Taking the time to decide what you want to happen after you die and writing those decisions down in your last will and testament is something that everyone making an estate plan has to do. The time and effort you put into creating your will means that the document you create is something that you need to store securely. Unfortunately, these documents, like all other documents, can get lost or misplaced. Whether you lose your will, inadvertently destroy it, or are unable to find the last will and testament of a family member who has recently died, you need to be prepared to deal with the situation appropriately. Here are some common questions you might ask if you are dealing with a lost will.
Where should I keep my will?
You can keep your last will and testament anywhere you like as long as that place is secure. You should not, for example, keep your will somewhere where it might be damaged by water or other environmental dangers.
Many people choose to keep their important documents in their home offices, home safes, or bank safe deposit box. You might also consider keeping the original or a copy with your estate planning attorney in his or her office.
Regardless of where you keep the actual document, you also need to ensure that someone knows where you keep it and how to access it. You should probably notify the person you chose to serve as your executor about where you keep your will, but it might also be a good idea to tell your attorney about its location, or ensure that your attorney has a copy.
What if I lose my will?
The first thing you need to do if you believe you have lost your will is to search everything. This sounds like simple advice, but in many circumstances a person simply misplaces the document and forgets to look for it thoroughly. Check your desk, your safe, your library, your files, and anywhere else you keep important documents. Once you check all those places, look in unexpected places, such as the trash, underneath furniture, or anywhere else.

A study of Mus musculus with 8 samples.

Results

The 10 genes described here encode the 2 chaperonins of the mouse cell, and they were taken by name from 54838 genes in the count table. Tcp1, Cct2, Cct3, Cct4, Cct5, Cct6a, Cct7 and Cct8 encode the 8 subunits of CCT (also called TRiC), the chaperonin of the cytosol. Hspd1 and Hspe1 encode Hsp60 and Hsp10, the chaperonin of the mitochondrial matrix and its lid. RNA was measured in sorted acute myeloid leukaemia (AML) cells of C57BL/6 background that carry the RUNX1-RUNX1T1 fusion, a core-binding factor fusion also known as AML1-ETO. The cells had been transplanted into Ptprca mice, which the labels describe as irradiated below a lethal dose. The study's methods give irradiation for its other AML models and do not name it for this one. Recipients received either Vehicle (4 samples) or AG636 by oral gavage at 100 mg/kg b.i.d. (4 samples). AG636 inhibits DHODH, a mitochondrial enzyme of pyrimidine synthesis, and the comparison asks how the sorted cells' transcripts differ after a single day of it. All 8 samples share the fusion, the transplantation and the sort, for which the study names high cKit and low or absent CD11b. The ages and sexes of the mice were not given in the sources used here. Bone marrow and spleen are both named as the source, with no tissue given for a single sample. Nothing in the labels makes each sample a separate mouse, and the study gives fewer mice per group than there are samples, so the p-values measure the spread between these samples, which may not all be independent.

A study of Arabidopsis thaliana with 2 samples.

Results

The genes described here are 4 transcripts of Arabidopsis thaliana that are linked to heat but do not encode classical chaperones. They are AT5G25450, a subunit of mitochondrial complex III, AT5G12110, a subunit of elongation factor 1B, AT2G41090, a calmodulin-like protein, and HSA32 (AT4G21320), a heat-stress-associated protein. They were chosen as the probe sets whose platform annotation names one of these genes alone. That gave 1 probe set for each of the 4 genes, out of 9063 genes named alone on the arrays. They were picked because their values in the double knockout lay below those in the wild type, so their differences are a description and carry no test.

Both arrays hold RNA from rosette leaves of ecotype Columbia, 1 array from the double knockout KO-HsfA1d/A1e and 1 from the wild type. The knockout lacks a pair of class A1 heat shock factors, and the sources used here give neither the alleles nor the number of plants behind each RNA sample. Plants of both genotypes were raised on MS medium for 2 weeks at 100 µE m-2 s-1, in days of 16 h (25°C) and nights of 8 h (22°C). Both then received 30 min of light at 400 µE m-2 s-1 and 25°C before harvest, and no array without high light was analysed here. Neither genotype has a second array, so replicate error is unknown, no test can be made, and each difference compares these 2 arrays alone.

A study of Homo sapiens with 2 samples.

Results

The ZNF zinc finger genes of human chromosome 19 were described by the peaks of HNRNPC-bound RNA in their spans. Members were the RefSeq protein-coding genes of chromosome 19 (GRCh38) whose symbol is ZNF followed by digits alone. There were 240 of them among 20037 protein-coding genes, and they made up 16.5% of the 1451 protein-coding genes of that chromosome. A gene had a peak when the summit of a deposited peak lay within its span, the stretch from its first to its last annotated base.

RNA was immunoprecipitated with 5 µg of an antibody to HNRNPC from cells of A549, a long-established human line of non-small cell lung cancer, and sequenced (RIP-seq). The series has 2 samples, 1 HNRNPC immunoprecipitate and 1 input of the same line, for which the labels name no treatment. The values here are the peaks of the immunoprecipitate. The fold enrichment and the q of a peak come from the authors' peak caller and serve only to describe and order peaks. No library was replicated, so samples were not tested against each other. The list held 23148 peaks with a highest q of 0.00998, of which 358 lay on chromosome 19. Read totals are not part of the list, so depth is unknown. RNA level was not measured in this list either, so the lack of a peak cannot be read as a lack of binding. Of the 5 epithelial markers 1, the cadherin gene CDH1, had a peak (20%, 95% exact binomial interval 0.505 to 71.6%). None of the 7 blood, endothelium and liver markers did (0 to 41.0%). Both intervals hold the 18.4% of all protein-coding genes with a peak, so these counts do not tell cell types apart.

If, after all your searching, you are still unable to locate the will, you will have to make a new one. You can make a new will whenever you like. As long as the new will states explicitly that the old will is revoked, your estate will not have any difficulties with the document even if the old will later turns up.
What if a relative loses the will?
You need to look carefully for the will after a relative dies. You should contact the relative’s attorney, see if the relative had a bank safe deposit box, and thoroughly search through the deceased relative’s home. If you cannot find the document you’ll have to contact a local estate planning attorney and ask what your next steps are. You can begin the probate process without a will, but you will have to go through specific steps in order to do so.
You can learn a lot more about wills and other estate planning tools that one of our upcoming free seminars. Take a look at what we have to offer, and then contact our office for registration details.